Jennifer Sprinks is a freelance journalist specialising in the public sector, and her work has appeared in Regeneration & Renewal, Nursing Standard and Planning.
This week, FeaturesExec spoke to Jennifer about her work, the best advice she’s ever been given and what she’s reading at the moment.
About your journalism:
What do you write about?
I specialise in public sector issues ranging from sustainability to health.
Where are we likely to see your work?
Public sector magazines such as Regeneration & Renewal, Nursing Standard and Planning.
What’s the most memorable work you’ve done?
Chasing Lord Kinnock down the street after a conference to get a snappy quote. I don’t think the BBC were too impressed that I intercepted their interview with him though! I also vividly remember ending up in the wrong house when I went to interview a couple of refugees from Thailand about the Sheffield resettlement programme. An interpreter was meant to be there with them awaiting my arrival so I thought it was odd when I turned up to find just a lady and her daughter (from Thailand) to greet me, especially as I was expecting a family with two sons. But the lady and the daughter seemed to be expecting my arrival and welcomed me in without hesitation. The photographer and I were offered drinks and we made ourselves comfortable. They spoke no English. After a 10 minute frenzy of gesticulating, it transpired that they thought I was their English language teacher and that we were about to conduct a lesson. Not sure why they weren’t surprised when the photographer starting setting up his equipment.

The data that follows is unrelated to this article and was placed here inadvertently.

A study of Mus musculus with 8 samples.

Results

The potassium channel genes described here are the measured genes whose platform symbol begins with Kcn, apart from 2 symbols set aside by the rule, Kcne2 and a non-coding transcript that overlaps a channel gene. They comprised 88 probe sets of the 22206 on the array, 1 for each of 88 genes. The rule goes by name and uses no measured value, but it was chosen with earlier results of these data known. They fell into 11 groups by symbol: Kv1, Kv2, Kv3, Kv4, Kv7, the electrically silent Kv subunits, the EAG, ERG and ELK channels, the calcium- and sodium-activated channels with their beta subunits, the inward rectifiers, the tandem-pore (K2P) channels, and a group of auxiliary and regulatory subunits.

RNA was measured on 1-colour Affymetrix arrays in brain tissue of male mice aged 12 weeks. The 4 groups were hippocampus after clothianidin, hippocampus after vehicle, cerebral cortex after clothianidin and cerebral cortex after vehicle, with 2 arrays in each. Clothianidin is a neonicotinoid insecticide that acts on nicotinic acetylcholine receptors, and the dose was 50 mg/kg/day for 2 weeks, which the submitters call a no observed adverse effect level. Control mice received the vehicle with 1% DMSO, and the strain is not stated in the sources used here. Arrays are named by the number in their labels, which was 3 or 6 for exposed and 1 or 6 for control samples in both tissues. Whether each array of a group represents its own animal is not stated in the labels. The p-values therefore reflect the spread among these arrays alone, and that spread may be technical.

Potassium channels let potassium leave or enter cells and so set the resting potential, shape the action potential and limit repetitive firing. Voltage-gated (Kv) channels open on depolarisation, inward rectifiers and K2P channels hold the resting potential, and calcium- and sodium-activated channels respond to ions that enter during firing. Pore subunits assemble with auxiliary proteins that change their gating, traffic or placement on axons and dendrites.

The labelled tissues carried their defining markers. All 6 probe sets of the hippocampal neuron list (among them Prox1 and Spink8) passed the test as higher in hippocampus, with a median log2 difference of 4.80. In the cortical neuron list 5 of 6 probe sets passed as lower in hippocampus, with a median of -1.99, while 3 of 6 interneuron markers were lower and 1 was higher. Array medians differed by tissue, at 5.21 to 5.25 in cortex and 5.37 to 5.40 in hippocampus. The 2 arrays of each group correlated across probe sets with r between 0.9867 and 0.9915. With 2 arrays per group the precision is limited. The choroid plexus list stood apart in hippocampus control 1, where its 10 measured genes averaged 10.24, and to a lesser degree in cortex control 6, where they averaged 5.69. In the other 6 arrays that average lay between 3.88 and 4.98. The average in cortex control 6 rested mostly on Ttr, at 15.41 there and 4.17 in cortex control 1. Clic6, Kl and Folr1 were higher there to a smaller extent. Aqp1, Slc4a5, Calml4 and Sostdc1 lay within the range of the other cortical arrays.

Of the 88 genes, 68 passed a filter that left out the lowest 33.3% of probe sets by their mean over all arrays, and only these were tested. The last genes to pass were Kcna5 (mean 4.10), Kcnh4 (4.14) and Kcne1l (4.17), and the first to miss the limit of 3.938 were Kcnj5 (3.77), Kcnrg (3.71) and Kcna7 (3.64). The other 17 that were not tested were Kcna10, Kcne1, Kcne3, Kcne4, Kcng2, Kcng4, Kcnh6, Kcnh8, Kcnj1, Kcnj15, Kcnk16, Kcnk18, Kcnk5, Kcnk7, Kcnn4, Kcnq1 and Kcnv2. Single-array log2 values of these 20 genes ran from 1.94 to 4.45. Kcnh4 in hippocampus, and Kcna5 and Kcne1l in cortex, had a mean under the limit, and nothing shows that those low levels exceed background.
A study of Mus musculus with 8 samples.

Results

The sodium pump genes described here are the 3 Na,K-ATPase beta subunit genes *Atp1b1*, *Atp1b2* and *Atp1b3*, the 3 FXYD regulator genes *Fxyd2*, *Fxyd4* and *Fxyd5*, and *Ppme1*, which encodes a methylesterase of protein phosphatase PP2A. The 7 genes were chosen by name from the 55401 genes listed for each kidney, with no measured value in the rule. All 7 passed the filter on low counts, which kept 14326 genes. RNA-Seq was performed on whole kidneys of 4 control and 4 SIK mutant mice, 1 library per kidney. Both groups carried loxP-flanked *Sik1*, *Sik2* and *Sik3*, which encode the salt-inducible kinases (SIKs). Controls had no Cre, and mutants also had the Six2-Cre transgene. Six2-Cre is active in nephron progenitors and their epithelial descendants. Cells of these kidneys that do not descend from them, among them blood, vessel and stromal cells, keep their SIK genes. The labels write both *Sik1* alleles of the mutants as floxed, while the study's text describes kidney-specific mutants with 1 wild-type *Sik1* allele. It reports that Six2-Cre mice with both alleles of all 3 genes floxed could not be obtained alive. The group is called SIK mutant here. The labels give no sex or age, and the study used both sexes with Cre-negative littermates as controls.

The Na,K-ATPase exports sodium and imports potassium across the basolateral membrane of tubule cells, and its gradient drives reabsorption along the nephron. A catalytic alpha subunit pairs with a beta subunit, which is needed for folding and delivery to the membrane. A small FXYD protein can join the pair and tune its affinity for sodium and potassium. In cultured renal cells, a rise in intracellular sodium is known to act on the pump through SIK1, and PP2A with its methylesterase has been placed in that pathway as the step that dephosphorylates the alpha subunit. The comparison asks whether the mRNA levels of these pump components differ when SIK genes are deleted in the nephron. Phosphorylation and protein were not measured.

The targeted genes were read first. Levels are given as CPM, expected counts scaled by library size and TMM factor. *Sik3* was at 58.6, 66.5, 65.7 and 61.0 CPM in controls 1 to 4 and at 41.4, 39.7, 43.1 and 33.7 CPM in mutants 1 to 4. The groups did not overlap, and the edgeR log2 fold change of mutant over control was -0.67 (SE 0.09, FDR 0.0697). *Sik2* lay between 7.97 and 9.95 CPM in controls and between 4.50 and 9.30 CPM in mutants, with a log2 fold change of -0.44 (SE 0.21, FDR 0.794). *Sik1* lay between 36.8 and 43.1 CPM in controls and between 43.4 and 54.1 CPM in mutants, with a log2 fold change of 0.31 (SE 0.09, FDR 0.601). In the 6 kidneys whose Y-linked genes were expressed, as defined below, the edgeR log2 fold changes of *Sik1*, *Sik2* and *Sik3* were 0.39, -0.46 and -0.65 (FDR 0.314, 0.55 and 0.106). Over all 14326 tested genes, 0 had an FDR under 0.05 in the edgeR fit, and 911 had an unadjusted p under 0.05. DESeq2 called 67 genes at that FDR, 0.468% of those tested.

What interview or feature would you love the chance to do?
I like ‘on the ground’ features where I get to interact with real people. I’d like to interview people in some of the London boroughs about how their lives may or may not have changed since Polish workers have been returning to Poland. I like features that challenge myths and perceptions.
About you and PRs:
If you could make one change to the way PRs deal with you, what would it be?
For them to only ring me once to see if I’ve got a press release!
How would you pay the bills if you weren’t a journalist?
I’ve only ever really wanted to be a journalist/writer. If I wasn’t a print journalist, I’d be a news reader or TV presenter. Saying that, I grew up wanting to be either a Blue Peter presenter or a dancer for West End musicals but I’m not sure I’d get paid for my efforts!
If we gave you £1,000, how would you spend it?
I’d invest in a really good website and would buy a good design package so that I could do more sub-editing from home.
What’s the best advice anyone ever gave you?
A journalist does not have to be an expert and know everything about a subject. It is always much better to speak up and tell an interviewee you don’t understand something and get them to explain it more clearly. Otherwise interviewees assume they can skim over certain things and it won’t come across clearly in the article. Never be afraid to admit you don’t know about something or don’t understand it first time round!
What books are on your bedside table, magazines in your bag, or blogs on your screen?
I’m currently reading What is the What by Dave Eggers – a story about a boy who is forced out of his Sudanese village because of conflict. In my bag is The Guardian, the Local Government Chronicle and a copy of Glamour magazine; a real mix!